Snow in Jerusalem
Lesson 9 of 9
Objective: SWBAT analyze the illustrations and details in a text to add to their understanding of the characters, setting, or events.
Common Core Connection
The standard RL1.7 is about analyzing the details and illustrations in a text to add a deeper layer of meaning to the understanding of the characters, setting, and events. By creating experiences for students to develop a deeper conceptual understanding of a story by analyzing the illustrations, I am engaging my class in higher order thinking which is one skill they will need to be prepared for college or a career. College and career readiness are two areas that Common Core provides opportunities for students to grow intellectually. In this lesson, students move beyond understanding what the text is telling them and move into interpreting the meaning of the text.
This lesson creates opportunities for the students to learn about and describe the characters, setting, and events. I have pre-selected specific pages to analyze for the students to describe the story. Students can gather deep understandings of the characters, setting, and events from a few pages instead of every single page. Plus, it concentrates their focus instead of providing them with so much that they can easily get distracted in the details.
The text I use in the guided practice is called Snow in Jerusalem, and we analyze a few pages together. Then the students analyze Chrysanthemum with their partner to gather an understanding of the characters, setting, and events. In Snow in Jerusalem two boys discover they are caring for the same cat and she has kittens. But, in Chrysanthemum a little girl learns to embrace the uniqueness of her name. These are both great stories to dive into character development on a deep level, which is why they are great for RL.1.7.
The students work in small collaborative groups (I call them Peanut Butter Jelly Partners) throughout the lesson, and we Transition about every twenty minutes to keep the lesson pacing fresh and exciting.
First, I show the students the lesson image and ask them to describe the setting. I am listening to assess their ability to describe a setting. I am hoping they say it looks like a desert, because there is not much grass. But, I listen closely, so I can assess their ability to analyze the setting. Then I share that we will learn more about describing characters, the setting, and events in a story by using the illustrations. To engage the entire class I ask the class to echo the goal after me. I say, "I can analyze the illustrations to add to my understanding of the character, setting, and events."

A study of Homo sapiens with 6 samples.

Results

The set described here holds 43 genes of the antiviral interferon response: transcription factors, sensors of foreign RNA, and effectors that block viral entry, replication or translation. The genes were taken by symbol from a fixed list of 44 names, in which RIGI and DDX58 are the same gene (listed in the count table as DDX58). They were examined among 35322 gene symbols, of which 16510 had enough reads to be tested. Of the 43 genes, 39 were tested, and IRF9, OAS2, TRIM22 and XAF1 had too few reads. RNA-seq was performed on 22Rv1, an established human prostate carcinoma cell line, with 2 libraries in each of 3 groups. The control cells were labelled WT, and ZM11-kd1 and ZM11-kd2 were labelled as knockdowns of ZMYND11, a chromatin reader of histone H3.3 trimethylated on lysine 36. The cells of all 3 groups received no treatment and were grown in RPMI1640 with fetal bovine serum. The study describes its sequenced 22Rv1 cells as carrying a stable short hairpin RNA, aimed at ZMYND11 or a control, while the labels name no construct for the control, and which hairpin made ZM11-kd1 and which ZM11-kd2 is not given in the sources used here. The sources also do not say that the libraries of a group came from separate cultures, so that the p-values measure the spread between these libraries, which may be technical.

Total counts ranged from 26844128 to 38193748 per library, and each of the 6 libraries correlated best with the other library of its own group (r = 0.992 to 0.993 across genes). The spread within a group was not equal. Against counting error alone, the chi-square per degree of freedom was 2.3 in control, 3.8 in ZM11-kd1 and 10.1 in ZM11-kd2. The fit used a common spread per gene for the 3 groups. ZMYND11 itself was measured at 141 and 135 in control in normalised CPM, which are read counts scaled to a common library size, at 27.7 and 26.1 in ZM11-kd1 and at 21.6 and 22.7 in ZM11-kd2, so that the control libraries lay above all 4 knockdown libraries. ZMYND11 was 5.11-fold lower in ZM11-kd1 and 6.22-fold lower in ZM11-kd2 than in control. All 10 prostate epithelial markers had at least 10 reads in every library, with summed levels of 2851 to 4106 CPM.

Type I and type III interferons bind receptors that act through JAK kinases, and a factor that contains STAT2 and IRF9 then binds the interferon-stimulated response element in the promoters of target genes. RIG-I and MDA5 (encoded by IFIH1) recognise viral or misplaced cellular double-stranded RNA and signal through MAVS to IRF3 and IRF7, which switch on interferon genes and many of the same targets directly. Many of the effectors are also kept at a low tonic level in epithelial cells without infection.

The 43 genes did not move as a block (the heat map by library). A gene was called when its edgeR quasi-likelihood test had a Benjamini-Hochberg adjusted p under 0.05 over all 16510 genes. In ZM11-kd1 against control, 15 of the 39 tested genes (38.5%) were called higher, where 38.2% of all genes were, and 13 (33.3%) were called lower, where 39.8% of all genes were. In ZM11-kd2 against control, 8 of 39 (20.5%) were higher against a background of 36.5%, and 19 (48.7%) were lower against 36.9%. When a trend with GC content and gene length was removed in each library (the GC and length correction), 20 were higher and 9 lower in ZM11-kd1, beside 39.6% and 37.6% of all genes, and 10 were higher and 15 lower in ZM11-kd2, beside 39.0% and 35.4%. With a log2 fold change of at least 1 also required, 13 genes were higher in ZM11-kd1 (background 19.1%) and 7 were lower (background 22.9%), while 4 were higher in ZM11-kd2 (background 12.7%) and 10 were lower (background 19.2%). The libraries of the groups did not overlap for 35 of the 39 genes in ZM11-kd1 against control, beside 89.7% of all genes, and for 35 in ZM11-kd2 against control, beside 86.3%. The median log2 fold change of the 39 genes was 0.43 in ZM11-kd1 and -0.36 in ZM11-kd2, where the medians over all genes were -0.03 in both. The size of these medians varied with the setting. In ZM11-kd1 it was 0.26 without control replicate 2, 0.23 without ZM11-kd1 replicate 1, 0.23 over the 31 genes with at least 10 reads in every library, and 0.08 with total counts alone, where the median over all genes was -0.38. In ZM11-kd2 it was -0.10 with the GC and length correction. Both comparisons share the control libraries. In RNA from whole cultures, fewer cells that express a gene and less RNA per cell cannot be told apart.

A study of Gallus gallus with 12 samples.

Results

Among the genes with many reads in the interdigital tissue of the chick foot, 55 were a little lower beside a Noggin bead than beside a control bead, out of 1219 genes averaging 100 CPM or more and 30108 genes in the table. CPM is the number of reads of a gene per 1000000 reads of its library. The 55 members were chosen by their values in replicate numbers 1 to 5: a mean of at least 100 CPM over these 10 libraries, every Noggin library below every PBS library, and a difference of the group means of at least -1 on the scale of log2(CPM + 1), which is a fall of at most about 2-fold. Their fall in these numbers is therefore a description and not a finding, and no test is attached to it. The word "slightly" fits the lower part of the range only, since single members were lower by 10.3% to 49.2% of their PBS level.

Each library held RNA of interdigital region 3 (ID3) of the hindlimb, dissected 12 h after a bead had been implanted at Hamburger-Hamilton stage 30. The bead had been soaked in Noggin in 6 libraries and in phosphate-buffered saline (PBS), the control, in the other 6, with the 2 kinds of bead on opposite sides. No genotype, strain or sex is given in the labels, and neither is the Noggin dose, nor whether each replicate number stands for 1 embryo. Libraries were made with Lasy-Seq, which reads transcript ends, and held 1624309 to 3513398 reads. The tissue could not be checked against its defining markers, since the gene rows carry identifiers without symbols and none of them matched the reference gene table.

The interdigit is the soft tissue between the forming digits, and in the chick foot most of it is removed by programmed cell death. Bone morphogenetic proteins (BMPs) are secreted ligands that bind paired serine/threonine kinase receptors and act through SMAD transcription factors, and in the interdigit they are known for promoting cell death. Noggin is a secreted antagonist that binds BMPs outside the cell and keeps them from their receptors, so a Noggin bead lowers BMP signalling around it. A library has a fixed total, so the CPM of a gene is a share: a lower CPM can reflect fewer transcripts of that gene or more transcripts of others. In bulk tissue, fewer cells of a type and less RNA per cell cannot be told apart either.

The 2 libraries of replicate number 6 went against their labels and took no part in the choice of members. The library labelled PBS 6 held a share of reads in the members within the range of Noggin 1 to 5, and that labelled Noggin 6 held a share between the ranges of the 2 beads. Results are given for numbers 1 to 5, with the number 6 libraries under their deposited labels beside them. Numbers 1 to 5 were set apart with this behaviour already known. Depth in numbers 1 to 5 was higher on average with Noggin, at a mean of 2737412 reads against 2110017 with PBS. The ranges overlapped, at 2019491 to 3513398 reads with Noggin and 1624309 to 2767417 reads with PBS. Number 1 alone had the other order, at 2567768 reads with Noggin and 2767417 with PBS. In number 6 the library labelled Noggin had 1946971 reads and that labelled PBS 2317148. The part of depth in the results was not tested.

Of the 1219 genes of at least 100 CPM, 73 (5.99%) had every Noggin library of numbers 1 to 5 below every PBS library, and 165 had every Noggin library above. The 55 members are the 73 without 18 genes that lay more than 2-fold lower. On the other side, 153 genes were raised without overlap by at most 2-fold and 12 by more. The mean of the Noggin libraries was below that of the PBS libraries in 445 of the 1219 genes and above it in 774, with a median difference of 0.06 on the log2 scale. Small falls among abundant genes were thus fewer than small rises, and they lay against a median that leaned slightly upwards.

Now the students are seated in their desks and we work in small groups to describe specific illustrations that I have selected to help them gather a description of the characters, setting, and events. I first read the book to the class to build some knowledge about the story before we begin analyzing.
Then I focus the class on the each specific images I selected. I project the images on the Smart Board. I have created a video (Snow in Jerusalem) for this. Then the students talk to their partner (Guided Practice Partner Discussion Description) about their analysis of the illustration. Next, we engage in a classroom discussion. Last, we confirm the analysis by everyone showing thumbs up or down. This is basically a class discussion around how each illustration deepens our understanding of the characters, setting, and events.
The class transitions to the center tables and I read the story to them. Then the students use the pictures (Picture 1, Picture 2) in the text to analyze and deepen their understanding of the characters, setting, and events. Each group gets one copy of the text and one chart (Illustration Chart) to use to organize their thoughts. This is the same chart we have used in previous lessons so the students are comfortable using it to organize their ideas.
As the students are working I walk around and help them get started. Some questions I use to get the students thinking are: What do you learn about the setting and character by looking at the picture? How does she feel in the beginning? How do you know? (Her expressions.) How does she feel in the end? How can you tell? What caused her to change?
Another way I provide support is specifically asking the students to look at her expression and tell me what she may be feeling.
Next my students transition to the lounge where they engage in speaking, listening through the Presentation of their ideas. They also get to Evaluate each other's work here. Now, to get this right, this all took a lot of modeling, and I still model it before each lesson, which is everyday before this section. We chant, "Criss cross apple sauce pockets on the floor hands in our laps talking no more," and this get the class to sit still. I also ask the speakers to speak very loud, with expression, and to enunciate their work.
Then several volunteers to present their work while the other students are reminded to look at the speaker, listen to the speaker, and evaluate their work. After each person presents and the other students give their feedback, I add my comments to confirm what specifically is good and what needs work.
The class remains seated in the lounge and they discuss one thing they learned about illustrations and one thing that they want to learn. This is my way of using formative assessment to see what my students know and what they want to know. By using this information to drive my instruction I can meet my students at their instructional level. I don't want things to be too easy or frustrating.
Last the students echo the lesson goal to help them remember the skills learned. We chant: I can use the illustrations to describe the characters, setting, and events in a story.